Wednesday, December 31, 2014

When You Hit Publish On One Thing, Be Working On The Next Thing

It's a lot of work publishing a book, having a gallery show, releasing an album. It's a lot of work to finish and screen the documentary, stage the dance and unveil the new collection.

It's a lot of work to create something good. It's also a lot of work to release what you've created to the public.

This is for anyone who creates something and then shares it. You may have an audience of millions of people. You may have an audience of five people. Most of us fall somewhere in between.

This applies in a direct way to artists, writers, designers and musicians. It also applies to people who work outside of what we think of as creative fields in the traditional sense. It isn't for the person working day in and day out in total isolation. You would need a different sort of blog post.

It's for people who hit publish. It's for people who perform. It's for people who sell their wares. It's for people who reveal. Other people read it or don't, show up or not, buy it or decide not to.

You're working in a single-minded way on the finishing touches of that memoir and the publication date and book release party are finally in sight. You've got the author readings and book signings scheduled. It seems tempting and intuitive to just focus on that book. You'll decide what to do next after the book tour. After the party. When time frees up a bit. Take a breather. Bask in the accomplishment.

I get it. But here's why my idea is better.

Once the work gets shared with the world, the room, the stage or the conference audience, it’s out there. By the time other people have the chance to review, comment, respond, share, ignore, purchase, watch, listen to, re-tweet, wear, read, write about, rank, hate on, misunderstand or worship your work, it needs to be like old news to you.

It needs to feel like old news to you when it feels like breaking news to everyone else.

Here it is in practical terms.

You're a painter hanging your show of exquisite paintings using re-claimed wood as a surface. They're all about color and knotty texture and beautiful interaction - collaboration - with the wood. Your show opens, and you're accepting congratulations and sipping - okay guzzling - white wine.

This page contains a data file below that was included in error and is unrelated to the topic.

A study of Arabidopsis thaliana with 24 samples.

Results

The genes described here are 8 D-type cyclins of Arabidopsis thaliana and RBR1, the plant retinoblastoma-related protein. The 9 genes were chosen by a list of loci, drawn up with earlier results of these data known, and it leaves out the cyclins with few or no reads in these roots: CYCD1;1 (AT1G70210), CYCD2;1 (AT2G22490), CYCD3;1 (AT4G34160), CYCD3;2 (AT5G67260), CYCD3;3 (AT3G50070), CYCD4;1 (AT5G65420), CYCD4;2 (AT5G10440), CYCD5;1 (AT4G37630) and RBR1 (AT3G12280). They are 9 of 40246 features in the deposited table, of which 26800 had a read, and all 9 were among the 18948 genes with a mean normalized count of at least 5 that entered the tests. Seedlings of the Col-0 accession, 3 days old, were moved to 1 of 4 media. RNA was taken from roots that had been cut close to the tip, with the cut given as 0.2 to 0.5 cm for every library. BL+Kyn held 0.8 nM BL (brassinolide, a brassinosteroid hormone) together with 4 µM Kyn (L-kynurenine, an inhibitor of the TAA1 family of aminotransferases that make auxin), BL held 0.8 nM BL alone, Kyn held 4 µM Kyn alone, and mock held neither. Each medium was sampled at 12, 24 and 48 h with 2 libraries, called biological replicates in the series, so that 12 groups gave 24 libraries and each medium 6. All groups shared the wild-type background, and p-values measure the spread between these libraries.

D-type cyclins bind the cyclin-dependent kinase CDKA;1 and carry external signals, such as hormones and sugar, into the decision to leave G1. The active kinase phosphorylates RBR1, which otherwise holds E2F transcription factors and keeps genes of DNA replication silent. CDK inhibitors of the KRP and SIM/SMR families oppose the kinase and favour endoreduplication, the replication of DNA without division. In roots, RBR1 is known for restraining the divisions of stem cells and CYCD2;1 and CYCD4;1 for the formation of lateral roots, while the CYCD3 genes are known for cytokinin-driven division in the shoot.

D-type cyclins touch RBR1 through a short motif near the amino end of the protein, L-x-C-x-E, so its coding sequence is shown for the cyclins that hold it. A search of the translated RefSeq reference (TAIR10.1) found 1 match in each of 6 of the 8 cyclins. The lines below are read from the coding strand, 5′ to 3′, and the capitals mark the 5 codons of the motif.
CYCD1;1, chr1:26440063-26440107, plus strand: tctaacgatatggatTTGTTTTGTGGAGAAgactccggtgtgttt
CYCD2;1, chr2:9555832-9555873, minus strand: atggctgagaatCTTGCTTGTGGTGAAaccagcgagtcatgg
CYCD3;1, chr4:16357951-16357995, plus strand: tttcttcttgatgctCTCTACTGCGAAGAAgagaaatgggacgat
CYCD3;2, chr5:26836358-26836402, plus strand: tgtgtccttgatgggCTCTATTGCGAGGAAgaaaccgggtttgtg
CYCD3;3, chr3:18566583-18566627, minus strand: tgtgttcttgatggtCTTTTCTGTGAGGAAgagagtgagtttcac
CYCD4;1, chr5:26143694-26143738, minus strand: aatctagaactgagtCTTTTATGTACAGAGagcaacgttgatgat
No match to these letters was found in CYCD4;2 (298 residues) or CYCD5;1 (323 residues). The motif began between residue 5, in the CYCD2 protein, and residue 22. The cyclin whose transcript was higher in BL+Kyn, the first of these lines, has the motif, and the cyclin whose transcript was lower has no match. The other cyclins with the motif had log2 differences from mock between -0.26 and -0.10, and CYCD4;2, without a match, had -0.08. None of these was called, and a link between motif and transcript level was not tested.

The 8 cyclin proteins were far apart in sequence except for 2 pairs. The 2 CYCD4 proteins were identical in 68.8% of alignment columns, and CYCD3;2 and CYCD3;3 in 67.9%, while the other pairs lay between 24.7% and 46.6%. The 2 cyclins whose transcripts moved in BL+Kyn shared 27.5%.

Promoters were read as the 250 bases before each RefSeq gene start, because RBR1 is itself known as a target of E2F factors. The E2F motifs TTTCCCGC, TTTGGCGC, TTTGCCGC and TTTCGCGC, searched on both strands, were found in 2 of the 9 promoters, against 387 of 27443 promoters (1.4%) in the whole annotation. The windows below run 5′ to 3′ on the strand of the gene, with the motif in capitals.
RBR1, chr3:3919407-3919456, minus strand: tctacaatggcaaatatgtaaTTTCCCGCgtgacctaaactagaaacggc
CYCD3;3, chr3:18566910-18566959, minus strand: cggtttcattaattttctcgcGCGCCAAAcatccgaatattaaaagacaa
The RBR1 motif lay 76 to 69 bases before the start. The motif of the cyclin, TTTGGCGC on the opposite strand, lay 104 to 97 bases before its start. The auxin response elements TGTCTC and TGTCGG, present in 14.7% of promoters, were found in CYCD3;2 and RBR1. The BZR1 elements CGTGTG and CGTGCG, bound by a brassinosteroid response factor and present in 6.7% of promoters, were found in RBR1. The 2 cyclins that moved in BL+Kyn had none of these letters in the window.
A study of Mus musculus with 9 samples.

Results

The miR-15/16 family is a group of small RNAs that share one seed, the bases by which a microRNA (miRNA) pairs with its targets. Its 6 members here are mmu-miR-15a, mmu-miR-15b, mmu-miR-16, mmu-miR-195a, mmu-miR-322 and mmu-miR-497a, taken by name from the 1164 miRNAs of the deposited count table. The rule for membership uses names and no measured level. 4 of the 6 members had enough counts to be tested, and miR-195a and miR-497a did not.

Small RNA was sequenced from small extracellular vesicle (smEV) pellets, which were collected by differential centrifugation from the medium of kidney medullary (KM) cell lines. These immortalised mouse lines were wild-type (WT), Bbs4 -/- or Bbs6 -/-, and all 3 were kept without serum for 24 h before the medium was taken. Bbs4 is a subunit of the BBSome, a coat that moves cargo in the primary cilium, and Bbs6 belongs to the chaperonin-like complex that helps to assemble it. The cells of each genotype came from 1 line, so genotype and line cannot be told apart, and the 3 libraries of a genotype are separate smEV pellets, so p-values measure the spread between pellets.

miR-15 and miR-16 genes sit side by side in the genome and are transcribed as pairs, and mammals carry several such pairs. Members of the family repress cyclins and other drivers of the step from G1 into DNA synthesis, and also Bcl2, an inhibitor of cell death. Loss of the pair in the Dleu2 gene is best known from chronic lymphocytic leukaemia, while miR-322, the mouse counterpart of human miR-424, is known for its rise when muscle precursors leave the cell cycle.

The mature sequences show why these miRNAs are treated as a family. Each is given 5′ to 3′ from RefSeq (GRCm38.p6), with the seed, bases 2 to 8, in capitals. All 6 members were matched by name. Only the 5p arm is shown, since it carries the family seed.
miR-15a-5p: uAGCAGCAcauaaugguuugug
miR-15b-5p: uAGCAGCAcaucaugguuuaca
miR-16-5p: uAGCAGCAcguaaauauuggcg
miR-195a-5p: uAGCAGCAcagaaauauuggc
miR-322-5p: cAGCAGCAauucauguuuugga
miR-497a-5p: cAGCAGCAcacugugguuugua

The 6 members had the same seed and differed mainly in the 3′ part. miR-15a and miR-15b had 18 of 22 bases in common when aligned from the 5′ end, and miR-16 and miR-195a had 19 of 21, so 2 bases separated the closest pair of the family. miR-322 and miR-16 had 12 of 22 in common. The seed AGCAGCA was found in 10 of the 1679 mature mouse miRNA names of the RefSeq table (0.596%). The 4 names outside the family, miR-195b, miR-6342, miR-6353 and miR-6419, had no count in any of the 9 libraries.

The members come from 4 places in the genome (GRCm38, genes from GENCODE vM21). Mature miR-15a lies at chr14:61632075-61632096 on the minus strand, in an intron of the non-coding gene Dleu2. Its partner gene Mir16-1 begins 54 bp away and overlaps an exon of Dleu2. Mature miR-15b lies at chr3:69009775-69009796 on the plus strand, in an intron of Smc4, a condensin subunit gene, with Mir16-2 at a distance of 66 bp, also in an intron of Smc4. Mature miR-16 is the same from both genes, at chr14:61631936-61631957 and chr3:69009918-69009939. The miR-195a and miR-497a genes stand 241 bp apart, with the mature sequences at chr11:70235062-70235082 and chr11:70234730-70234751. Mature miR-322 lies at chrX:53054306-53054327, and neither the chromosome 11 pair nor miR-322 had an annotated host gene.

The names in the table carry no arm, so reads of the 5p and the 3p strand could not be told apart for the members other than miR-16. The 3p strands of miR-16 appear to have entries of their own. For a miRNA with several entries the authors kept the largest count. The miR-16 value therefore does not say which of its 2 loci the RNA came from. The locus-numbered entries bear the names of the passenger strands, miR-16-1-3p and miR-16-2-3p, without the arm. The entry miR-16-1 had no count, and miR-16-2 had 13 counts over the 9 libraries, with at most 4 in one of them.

But earlier that day, you were in the studio that doubles as a guest room. You were already working on the second painting in a new series. These are on white linen, are soft and ethereal. They seem lit from within. You've made a bit of a departure.

This is good.

You can show your finished work in its best light, have the most beautiful packaging and the state of the art sound system. You can work with the best graphic designer for that book cover or collaborate with the dream producer. The acoustics may be perfect. The cinematography sublime.

You still don't have much control over how your work will be received. The truth is, it probably won't be unanimously praised. Most people may love it, but a few might hate it. Most people may hate it and a few may love it. People might feel apathy. People might find it derivative.

People adore it. That love may be close to universal. But then no one will want to buy it.

Critics hate it, but it's flying off the shelves.

Try as you might to influence it, you can't control it.

Better that it feels like old news, this work you're presenting. It's still yours. But it's not you.

You're a moving train. You could bomb. It's better to be halfway through your comeback when this happens. You don't want to be staring at a blank screen or canvas.

You don't want to get all bogged down in how you'll follow the wildly successful show, blog post or lecture. For better or worse, it's already happening. You're in motion. It doesn't mean you can't change direction. But that's not the same as starting from scratch.

No one thing should canonize you. No one thing should destroy you. Working on the next thing prevents either of these things from happening. It keeps you current. It keeps you running ahead. You’ll never be yesterday’s news.

I like dispensing advice about the creative process. You can read more at the links below.